I am intrigued that the government is saying that it is going to ensure GP services are supplied by people's normal doctors seven days a week, twelve hours a day, with the over 75s guaranteed access to their own personal doctor, and all that for an annual cost of £50 million.
To put that in context, that's £2,000 a doctor - maybe the cost of upgrading them all to the secure email system they're all supposed to consult on in the future.
Politely, this is nonsense. Now, I admit my expertise in this area is second hand as I am married to a GP, but I have as a result seen the detailed workings of a number of GP practices over the years and have discussed GP services with a wide range of doctors. There are three obvious points to make.
First, the proportion if NHS resources going to GPs is already falling, significantly. It is now less than 9% of all resources when it was over 10%. So the service is already underfunded.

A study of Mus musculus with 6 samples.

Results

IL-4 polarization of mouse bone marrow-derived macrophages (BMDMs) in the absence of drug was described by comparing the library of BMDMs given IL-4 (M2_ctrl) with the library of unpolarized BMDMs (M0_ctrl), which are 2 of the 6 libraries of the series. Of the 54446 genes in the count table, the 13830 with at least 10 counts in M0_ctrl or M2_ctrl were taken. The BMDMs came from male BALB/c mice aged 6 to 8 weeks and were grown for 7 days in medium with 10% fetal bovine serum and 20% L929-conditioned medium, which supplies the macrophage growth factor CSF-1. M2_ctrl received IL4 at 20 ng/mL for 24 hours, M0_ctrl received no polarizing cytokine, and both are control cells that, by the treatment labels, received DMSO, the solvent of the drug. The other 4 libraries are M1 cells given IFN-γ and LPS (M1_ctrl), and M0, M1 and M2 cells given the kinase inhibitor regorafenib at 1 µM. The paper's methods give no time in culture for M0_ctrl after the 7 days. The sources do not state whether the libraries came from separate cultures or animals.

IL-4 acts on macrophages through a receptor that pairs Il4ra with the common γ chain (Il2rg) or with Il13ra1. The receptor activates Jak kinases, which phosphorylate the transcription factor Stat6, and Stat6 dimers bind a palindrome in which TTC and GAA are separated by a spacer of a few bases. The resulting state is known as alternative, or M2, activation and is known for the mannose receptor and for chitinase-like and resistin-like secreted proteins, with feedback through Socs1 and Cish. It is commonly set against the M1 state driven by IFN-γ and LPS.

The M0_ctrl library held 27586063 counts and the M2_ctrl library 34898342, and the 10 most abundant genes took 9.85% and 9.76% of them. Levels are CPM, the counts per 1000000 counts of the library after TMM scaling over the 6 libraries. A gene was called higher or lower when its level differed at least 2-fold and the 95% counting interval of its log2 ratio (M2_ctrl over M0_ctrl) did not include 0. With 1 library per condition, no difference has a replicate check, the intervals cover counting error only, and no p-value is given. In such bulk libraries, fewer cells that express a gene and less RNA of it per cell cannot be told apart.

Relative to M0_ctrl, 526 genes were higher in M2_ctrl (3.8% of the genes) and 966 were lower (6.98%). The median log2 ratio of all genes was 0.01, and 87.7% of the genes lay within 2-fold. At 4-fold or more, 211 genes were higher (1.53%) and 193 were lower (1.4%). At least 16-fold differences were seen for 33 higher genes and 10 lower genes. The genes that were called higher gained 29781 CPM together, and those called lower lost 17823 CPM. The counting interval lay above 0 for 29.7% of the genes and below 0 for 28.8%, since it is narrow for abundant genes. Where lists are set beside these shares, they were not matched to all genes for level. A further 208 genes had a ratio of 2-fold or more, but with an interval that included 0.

That is compounded by increasing demand. I can remember only fifteen years or so ago when an average of four consultations per patient in a GP's list was normal: now it's over five and still rising. That is an enormous change.
Third, there is a desperate shortage of GPs to work in the existing system, largely because of the considerable demands made, long hours and massive stress.
Now please don't get me wrong: there are fat cat GPs in the existing system who treat the NHS as a market and profit making opportunity and so abuse it. And I am well aware that some GPs seem to think that a full time working week is four days, or that they need a half day off in a five day working week. For these doctors I think their time of using the system is over, and that's to be welcomed. But they're not a majority of GPs. Most already work very long hours and can physically do little more than they do now. Which is precisely why recruiting GPs is very hard indeed: young doctors rightly see little appeal in working in this way.
In that case can what Cameon and Hunt will be offering be delivered? I do not think there is any hope if it.
But more importantly, I think it would be very dangerous to try: pushing healthcare professionals beyond their limits is not a way to deliver safe care.